BERLIN (Reuters) -- Volkswagen Group's current chairman, Hans Dieter Poetsch, and CEO, Matthias Mueller, were alerted by the company's former CEO Martin Winterkorn to the use of illicit emissions-control software in the United States two weeks before the carmaker disclosed the scale of its manipulations, a German newspaper said.
Winterkorn, who resigned within a week of the emissions scandal becoming public on Sept. 18, briefed VW's executive board on Sept. 8 that the carmaker had admitted the use of "defeat devices" to U.S. authorities, Bild am Sonntag reported, without citing the source of the information.
Participants in the Sept. 8 meeting included then-finance chief Poetsch and then-CEO of Porsche, Mueller, according to the paper. They have since taken the positions of VW chairman and chief executive, respectively.
Former CFO Poetsch has been criticized by some investors and analysts for failing to inform VW's shareholders of the looming problem, with some of them demanding that VW select an independent chairman if it wants to overcome the crisis.
"Volkswagen is convinced it fully complied with the requirements set out in the securities law," a VW spokesman said on Saturday. "Volkswagen categorically declines comment on contents of management board meetings."
VW's own acknowledgement of the manipulations on Sept. 20 subsequently erased billions of euros from the company's market value, forced Winterkorn's resignation and sparked investigations and lawsuits across the world.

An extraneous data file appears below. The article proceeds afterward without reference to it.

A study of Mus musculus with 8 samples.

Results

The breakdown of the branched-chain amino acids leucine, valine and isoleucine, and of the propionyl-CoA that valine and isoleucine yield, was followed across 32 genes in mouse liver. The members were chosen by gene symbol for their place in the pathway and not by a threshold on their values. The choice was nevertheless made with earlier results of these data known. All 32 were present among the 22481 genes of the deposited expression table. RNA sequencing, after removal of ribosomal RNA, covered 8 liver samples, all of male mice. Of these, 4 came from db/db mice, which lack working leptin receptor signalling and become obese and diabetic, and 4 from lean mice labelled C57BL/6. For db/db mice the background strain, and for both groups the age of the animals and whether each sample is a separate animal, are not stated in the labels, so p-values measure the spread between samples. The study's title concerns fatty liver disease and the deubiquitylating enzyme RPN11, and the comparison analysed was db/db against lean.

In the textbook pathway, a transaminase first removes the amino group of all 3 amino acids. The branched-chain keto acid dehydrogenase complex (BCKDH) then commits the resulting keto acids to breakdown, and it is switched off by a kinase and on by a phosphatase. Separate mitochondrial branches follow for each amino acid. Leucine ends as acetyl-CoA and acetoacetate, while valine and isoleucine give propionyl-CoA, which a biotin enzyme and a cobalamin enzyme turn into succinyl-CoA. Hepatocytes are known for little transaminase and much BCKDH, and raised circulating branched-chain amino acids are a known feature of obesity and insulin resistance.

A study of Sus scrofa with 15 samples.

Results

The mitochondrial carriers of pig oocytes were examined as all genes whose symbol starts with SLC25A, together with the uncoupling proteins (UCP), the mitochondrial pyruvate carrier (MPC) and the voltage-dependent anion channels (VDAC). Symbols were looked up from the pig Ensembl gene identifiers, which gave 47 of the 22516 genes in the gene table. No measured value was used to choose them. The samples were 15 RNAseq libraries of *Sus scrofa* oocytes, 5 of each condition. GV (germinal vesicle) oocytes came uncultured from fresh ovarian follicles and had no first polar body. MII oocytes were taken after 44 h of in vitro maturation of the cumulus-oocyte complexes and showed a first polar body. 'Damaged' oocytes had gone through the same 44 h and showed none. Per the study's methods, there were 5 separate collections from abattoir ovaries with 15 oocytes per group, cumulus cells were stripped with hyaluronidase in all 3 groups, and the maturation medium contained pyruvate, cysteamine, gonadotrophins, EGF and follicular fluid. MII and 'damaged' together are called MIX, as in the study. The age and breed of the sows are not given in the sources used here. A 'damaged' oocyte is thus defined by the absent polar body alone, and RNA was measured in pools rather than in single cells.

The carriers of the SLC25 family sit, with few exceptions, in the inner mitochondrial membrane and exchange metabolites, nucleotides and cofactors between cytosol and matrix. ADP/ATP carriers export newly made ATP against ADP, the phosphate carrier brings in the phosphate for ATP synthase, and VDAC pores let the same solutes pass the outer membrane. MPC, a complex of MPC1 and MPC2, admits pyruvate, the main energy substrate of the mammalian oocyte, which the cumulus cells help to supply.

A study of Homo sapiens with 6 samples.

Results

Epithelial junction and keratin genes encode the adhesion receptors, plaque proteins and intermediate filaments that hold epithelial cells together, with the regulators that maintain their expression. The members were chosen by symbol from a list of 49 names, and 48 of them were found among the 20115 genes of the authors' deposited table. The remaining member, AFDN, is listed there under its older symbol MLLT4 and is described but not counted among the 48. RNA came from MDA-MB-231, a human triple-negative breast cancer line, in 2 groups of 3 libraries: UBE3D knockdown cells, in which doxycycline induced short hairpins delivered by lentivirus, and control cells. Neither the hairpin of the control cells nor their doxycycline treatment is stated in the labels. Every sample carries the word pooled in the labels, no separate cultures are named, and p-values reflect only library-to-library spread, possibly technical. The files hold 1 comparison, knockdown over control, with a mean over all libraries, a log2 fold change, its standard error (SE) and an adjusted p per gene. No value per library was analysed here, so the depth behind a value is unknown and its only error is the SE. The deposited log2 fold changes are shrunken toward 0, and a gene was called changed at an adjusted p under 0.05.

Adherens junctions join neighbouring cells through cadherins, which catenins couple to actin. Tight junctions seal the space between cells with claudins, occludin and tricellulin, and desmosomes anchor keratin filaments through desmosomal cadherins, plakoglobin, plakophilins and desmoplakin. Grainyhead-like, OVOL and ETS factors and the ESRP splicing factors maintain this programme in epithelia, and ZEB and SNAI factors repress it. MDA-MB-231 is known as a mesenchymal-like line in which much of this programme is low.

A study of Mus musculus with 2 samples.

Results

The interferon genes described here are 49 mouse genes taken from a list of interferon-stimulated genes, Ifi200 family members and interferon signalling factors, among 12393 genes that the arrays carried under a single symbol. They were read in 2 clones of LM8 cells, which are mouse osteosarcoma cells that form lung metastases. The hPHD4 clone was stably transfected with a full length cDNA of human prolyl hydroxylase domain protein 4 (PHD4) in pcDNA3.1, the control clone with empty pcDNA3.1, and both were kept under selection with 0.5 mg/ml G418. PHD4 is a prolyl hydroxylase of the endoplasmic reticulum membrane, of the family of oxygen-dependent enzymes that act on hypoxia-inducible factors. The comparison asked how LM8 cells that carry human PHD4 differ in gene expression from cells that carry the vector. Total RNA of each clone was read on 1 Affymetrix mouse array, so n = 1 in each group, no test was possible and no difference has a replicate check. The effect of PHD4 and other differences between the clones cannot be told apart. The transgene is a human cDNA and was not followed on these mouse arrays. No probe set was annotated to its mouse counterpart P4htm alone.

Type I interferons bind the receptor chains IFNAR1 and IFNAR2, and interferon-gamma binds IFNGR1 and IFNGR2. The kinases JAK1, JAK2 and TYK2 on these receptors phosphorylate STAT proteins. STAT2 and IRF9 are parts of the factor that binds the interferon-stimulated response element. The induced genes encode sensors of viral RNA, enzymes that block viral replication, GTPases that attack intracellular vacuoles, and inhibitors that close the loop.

The carmaker defended its actions on March 2, saying it had not failed in its duties because it had no idea until the U.S. Environmental Protection Agency released its statement on Sept. 18 how expensive the affair could become.
The actions by VW's management were driven by an "interest in secrecy" as the carmaker was hoping to find a "solution" with U.S. authorities without incurring major fines, Sueddeutsche Zeitung reported in an advance release of Monday's edition, citing a VW position paper drawn up to fend off damage claims from shareholders.
A VW spokesman declined comment on Sunday.
Germany-based law firm TILP, representing some shareholders' lawsuits against VW, on Sunday dismissed VW's interpretation of disclosure rules as "misleading and wrong" and accused the carmaker of trying to blame its stock plunge on the EPA's Sept. 18 notice of violation.
VW has pledged to publish results of an investigation into the scandal in the second half of April. The inquiry is led by U.S. law firm Jones Day.